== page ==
Winter months can wreak havoc on a deck and can make deck safety a challenge. Many people neglect their decks during this time, often because they really do not want to go out in the cold and battle the elements. Unfortunately, not taking care of your deck during winter months can lead to damage of the deck materials. It can also cause it to become a safety hazard for anyone who steps on it. There are a few things you can do to prevent dangerous slick spots and to keep your deck from turning into a cleverly disguised but treacherous ice skating rink.
De-Ice and Snow Removal
Remove snow and ice as often as possible and make deck safety a priority. Although many decks should have a slight incline or decline to promote water run off, a lot do not and this slope would not really be beneficial for ice, snow, sleet, or hail anyway. Hopefully before winter hit, you thoroughly cleaned your decking to remove debris, such as leaves and dirt, that might cause these elements to stick to the deck more. Applying an environmentally-safe, salt-free de-icer on a clean deck can help prevent slippery ice and snow accumulation without causing damage to your decking, nearby plants, or any curious animals. Make sure the product you select is recommended for your specific deck especially if you have composite materials, check with your deck builder or material manufacturer.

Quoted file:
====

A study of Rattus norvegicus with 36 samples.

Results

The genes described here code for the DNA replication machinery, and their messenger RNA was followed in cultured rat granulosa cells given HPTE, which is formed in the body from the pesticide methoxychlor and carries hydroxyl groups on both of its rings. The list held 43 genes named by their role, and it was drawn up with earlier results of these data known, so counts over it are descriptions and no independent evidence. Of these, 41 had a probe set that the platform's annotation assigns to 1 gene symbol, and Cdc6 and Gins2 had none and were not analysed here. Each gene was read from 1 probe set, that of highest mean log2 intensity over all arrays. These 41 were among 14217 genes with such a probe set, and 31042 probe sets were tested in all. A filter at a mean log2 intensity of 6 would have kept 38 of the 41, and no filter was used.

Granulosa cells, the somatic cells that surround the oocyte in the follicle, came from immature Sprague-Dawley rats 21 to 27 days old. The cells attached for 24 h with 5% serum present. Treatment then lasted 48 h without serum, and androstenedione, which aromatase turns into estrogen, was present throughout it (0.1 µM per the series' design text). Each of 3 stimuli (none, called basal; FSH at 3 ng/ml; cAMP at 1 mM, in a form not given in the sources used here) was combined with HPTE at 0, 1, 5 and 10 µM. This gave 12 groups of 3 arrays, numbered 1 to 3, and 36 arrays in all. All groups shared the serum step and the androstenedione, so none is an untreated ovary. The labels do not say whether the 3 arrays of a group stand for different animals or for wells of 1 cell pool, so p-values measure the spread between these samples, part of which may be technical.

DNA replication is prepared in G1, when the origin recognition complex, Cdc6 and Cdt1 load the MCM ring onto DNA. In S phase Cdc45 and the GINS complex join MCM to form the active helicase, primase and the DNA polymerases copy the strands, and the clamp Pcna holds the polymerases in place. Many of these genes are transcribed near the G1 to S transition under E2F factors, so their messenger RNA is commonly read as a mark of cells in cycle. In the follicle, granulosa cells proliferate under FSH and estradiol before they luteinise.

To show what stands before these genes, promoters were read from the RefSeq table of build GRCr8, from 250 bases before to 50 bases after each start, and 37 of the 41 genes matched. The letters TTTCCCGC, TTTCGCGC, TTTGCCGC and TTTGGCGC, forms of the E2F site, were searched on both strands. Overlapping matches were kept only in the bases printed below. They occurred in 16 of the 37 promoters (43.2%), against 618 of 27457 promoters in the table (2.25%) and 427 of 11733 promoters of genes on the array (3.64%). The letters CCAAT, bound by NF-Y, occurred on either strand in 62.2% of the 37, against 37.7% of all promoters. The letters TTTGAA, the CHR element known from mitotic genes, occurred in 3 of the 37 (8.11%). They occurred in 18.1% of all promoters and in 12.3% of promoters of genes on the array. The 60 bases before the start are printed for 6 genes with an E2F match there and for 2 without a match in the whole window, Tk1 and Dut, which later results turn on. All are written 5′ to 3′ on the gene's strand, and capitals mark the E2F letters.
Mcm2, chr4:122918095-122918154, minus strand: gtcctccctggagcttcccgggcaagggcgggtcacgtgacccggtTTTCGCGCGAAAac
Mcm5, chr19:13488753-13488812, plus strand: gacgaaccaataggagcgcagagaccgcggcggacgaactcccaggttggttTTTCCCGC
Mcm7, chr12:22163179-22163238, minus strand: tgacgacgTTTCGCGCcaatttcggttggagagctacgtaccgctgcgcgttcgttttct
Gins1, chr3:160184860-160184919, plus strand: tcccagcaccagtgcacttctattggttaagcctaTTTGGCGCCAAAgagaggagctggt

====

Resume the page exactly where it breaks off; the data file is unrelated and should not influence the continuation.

Stair and Step Safety
Provide extra safety protection on stairs. Even if you do not use your deck during the winter season, it is important to ensure it is safe at all times because it is an emergency point in and out of your home. The stairs are often forgotten when trying to maintain a deck in the cold months. It might be a good idea to add some anti-slip treads to each stair in preparation for the ice and snow that comes with winter storms.
Apply a special anti-slip product to the deck floor to make it safer for walking. This type of product can be applied on top of the stain, sealer, or paint to prevent slippery conditions. It works by encouraging water evaporation instead of allowing it to penetrate the wood. This, in turn, prevents the water from freezing and causing dangerous conditions. Again, be sure to check with what is recommended by the manufacturer if you have a composite deck or other material that could be damaged from some products on the market.
Be sure to make your deck as safe as possible during winter months. No one wants to try to manage an emergency room visit in the middle of a snow or ice storm.